Teaching Life Skills….and Tools to Help


The goal? Not to have a work load taken off of our shoulders as parents, but instead to instill in our children the concept of responsibility for one’s home and one’s personal space, as well as teaching them to look for ways to help others.

There are many age-appropriate chore charts online that can be used for a jumping-off point. (Link: http://www.focusonthefamily.com/parenting/parenting_challenges/motivating_kids_to_clean_up/age_appropriate_chores.aspx )

There are also several well-written books that give more ideas as well as explain the basis for the importance of teaching children responsibility from a young age, one of which is Life Skills for Kids by Christine Field (Link: http://www.amazon.com/Life-Skills-Kids-Equipping-ebook/dp/B004BLK7NO )

One of the things we try to do to help make these daily responsibilities more fun is to allow the children to incorporate more personalized aids and tools into the process.



What types of chores and/or responsibilities are you adding into your child’s routine this summer/school year? How do you make learning life skills fun?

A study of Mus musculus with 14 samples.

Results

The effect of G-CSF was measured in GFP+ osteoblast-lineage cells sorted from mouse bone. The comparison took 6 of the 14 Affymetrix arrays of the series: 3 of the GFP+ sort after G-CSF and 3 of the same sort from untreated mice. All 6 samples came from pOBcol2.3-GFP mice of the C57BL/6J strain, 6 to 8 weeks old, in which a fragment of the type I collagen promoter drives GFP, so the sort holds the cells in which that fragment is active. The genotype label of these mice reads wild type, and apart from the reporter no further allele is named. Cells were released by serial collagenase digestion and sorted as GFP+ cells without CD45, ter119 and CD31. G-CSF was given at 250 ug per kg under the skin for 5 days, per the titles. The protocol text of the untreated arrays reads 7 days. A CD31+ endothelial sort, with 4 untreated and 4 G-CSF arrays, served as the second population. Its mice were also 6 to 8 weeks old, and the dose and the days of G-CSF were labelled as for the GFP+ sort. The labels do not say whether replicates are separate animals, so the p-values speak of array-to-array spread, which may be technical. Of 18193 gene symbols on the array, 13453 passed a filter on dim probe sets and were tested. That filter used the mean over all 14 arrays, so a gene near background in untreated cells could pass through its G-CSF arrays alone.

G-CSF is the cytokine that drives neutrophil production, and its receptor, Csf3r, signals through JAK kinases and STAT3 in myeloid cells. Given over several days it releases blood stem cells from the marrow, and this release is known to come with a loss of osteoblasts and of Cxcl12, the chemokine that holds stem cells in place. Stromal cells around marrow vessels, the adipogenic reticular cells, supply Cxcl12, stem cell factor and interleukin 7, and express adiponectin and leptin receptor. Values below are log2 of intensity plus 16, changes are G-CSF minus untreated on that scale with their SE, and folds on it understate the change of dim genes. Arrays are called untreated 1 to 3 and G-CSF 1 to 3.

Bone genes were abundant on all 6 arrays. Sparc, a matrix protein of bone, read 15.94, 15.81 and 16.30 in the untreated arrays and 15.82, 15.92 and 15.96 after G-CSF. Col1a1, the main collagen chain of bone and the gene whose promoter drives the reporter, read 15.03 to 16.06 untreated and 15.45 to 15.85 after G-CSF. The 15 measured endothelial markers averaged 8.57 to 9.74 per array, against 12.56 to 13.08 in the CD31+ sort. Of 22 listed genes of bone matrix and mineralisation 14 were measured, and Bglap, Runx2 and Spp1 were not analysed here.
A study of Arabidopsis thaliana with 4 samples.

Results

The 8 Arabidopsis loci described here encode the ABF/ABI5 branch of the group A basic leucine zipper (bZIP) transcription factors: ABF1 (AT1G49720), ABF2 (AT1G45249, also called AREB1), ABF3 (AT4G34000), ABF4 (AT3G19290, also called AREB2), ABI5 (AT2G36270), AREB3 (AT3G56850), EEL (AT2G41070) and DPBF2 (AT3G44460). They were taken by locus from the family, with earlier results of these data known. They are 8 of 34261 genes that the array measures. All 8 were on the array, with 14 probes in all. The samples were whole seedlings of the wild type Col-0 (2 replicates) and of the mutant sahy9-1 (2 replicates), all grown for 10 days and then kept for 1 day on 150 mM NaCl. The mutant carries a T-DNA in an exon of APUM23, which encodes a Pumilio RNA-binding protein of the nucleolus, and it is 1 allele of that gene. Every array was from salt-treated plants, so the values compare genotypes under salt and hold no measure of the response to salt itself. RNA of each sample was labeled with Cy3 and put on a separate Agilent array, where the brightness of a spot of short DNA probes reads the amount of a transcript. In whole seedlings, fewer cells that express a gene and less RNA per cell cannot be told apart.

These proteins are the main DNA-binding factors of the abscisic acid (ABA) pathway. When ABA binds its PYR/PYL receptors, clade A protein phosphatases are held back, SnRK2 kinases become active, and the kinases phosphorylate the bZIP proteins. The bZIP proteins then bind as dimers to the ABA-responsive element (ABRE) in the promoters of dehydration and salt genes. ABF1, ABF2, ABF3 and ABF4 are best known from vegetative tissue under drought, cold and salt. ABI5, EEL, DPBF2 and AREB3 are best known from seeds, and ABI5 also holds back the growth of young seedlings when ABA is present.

Meg Wilson is a devoted wife to her husband, Ken, of 12 years, and mom and homeschooling teacher to her 7-year-old son and 5-year-old daughter. When she’s not writing or creating something, Meg loves to cook for, host and entertain friends and family. She also enjoys reading, the outdoors, eclectic music, yoga, and studying history. You can read all about her adventures (and misadventures) at her blog, Electric City Academy, http://www.musesofmegret.com/reviews, http://electriccityacademy.blogspot.com


  1. The best thing I learned how to do as a kid was making my own lunch, that way I could just shake my head at the ones who complained about what their mother packed them.

    Now I must point out that those tongs look to be a little small. Wouldn’t it work better if you flipped the clothespin around the other direction?